The city of Oakland released hundreds of pages of documents Wednesday¬†related to the Ghost Ship fire in December that killed 36 people, including records of police responding to an “illegal rave” there in 2015.

The city released the records in response to at least 121 requests under the California Public Records Act seeking information about the deadliest fire in the city’s history, city officials said.

There were 36 people killed in the blaze, which broke out during an electronic music party at the Ghost Ship, a warehouse that had been converted to a living and events space at 1315 31st Ave. in the city’s Fruitvale District.

In response to the deluge of requests, the city set up a single point of contact for the requests, but continued delays in the release of records led to threats of litigation.

Some of the police records released today are heavily redacted and the city still has not released some requested records, including a list of buildings that the fire department is required to inspect and any city correspondence with the property owner, Chor Ng. City officials said those documents will be released at a later date.

In a statement that accompanied the document release, Mayor Libby Schaaf said:

“I recognize the media and others have been frustrated by the time it has taken to assemble the documents form many different departments because we were determined to cast a wide net to provide all relevant information and take an exhaustive look at not just the warehouse, but also the immediately adjacent properties.”

Schaaf added:

“Transparency is critical. Our impacted community deserves to know all the facts about this tragedy.”

Fire Chief Teresa Deloach Reed previously said during a news conference in December that the fire department was not required by law to inspect the property and hadn’t inspected it in over a decade. But city officials have not answered any questions about what the police knew about the property and when.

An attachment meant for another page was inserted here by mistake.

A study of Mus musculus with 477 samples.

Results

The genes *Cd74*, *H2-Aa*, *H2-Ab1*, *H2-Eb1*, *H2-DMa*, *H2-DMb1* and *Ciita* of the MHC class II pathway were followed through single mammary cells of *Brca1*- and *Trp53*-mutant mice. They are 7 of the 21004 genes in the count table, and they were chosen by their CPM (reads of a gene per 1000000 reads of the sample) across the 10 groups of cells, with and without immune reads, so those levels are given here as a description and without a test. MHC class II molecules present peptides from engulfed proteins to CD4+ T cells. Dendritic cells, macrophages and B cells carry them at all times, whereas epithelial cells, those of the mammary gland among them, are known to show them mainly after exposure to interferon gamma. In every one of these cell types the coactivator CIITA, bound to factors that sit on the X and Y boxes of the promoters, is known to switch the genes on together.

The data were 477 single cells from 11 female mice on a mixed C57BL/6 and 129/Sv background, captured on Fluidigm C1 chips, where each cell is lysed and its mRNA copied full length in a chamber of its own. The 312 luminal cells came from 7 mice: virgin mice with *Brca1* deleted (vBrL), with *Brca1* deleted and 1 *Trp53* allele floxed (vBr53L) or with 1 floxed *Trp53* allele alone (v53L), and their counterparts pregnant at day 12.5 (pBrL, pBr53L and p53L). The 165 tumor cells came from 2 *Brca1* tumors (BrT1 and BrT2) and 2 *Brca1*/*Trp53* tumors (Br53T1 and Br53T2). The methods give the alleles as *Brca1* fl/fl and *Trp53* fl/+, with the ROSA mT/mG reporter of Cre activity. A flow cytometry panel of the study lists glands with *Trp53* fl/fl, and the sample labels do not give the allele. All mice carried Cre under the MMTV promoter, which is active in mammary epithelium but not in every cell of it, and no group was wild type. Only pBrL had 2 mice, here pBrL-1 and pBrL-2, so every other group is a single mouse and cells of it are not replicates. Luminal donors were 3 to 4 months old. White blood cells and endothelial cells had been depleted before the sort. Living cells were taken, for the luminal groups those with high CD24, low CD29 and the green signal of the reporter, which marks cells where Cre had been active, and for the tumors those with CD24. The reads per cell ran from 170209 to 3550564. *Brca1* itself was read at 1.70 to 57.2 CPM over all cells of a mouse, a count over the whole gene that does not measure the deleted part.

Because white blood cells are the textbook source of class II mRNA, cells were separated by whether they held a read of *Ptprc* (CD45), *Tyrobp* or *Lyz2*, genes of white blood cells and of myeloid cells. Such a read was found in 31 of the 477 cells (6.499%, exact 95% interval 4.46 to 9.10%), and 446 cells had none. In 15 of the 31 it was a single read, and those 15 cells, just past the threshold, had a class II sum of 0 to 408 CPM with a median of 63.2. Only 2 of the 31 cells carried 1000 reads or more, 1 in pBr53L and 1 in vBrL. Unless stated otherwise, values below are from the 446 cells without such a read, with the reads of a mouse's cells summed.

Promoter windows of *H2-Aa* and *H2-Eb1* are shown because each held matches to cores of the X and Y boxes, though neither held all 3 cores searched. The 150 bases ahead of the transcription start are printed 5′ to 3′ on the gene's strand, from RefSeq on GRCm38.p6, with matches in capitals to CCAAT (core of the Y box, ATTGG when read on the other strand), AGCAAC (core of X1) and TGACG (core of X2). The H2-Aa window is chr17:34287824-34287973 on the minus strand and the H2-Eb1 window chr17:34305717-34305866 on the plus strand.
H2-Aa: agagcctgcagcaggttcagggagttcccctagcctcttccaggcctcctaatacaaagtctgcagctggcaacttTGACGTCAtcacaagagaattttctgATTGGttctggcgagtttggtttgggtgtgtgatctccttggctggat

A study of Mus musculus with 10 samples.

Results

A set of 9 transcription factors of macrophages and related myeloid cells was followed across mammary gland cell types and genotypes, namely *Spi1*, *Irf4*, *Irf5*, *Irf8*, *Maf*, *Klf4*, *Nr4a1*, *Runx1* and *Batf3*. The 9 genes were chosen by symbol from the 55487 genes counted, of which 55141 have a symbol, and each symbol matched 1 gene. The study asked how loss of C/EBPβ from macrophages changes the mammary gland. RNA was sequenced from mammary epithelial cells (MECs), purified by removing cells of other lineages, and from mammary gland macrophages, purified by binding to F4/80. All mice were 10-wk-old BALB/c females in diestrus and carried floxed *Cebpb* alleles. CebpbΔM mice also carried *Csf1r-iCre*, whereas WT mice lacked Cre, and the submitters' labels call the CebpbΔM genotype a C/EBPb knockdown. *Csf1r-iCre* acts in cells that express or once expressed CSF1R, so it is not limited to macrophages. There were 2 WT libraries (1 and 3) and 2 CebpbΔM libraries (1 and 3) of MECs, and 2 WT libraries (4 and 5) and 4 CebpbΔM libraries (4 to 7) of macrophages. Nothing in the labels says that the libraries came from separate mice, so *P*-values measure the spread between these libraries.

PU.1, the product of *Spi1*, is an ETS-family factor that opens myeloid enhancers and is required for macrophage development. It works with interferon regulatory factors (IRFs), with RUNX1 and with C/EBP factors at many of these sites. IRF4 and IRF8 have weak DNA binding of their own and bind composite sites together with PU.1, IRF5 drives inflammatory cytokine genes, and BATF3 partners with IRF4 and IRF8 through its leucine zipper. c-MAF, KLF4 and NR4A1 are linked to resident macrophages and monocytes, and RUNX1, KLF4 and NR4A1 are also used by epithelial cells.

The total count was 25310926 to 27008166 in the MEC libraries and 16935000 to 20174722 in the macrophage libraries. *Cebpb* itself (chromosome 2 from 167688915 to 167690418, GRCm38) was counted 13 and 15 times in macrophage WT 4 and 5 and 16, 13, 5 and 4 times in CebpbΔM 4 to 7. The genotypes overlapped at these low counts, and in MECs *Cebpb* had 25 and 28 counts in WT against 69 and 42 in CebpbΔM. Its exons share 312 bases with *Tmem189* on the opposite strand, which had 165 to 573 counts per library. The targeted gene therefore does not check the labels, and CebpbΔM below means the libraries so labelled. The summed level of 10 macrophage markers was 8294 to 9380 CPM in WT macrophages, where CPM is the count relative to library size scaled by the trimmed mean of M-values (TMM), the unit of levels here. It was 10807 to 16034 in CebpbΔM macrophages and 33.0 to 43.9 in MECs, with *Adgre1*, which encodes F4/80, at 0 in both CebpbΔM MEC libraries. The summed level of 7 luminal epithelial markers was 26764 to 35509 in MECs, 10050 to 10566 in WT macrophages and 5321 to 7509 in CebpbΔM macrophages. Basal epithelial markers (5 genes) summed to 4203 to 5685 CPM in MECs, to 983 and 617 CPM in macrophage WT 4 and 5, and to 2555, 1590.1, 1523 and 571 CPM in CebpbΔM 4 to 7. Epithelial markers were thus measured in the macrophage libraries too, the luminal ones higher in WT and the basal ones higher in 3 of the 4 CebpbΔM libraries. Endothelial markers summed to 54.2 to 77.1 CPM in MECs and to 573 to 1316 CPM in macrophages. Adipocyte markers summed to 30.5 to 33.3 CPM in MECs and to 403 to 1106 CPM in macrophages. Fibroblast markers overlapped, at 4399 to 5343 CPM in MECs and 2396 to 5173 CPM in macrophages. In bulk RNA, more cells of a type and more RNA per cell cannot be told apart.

Today’s records reveal that Oakland police were aware that the property had been used as a living and event space at least since 2015. On March 1, 2015, Oakland police Officer Hector Chavez was flagged down on reports of an illegal rave with alcohol sales.

Much of Chavez’s report is redacted, but Chavez wrote that he did not cite anyone for a violation to the city’s cabaret permitting ordinance.

After he left, someone called police about 20 minutes later and said there were several people inside the warehouse refusing to leave. Police again responded and stood by as everyone left.

Later that afternoon an Oakland police officer responded to help someone gather his belongings from inside the warehouse.

On Feb. 2, 2015, police responded to report that a resident had been locked out. Police dispatch logs referred to the warehouse as “an illegal shared housing.” Police responded and mediated the situation, advising them on their rights and obligations as landlord and tenant.

Aside from the police calls, there were also calls for service at the property to the Public Works and Planning and Building departments.

Public works responded to two reports of illegal dumping at a vacant lot next door in September 2014 and March 2016.

There were three code enforcement complaints dating back to 2005, including for homeless people camping on the vacant lot, construction materials blocking the sidewalk and construction of a house or structure without permits.

The documents released also included extensive reports from the firefighters who first responded the night of the fire and those who spent days searching the burned building as 36 bodies were gradually pulled from the rubble.

Firefighters arrived about a minute after the initial call and found heavy black smoke pushing from the doors and windows. As some firefighters started working to secure a water supply, two others went inside to search for victims. But after 30 minutes, firefighters switched to defensive operations as the fire inside was too heavy to put out that way.

When firefighters punched a hole in the roof, hot, dark pressurized smoke poured out. They continued cutting a 6- by 30-foot trench on the roof, and while flames never emerged from the hole, smoke kept pouring out.

Initially they found seven bodies, but over the next few days they painstakingly sifted through the debris in crews called “bucket brigades,” clearing the rubble bucket by bucket. Some crews needed to come in with chainsaws and other equipment to dismantle interior structures.

Other records related to the fire were withheld because of an ongoing criminal investigation by the Alameda County District Attorney’s Office. So far no charges have been filed against the building owner or the master tenant, Derick Ion Almena.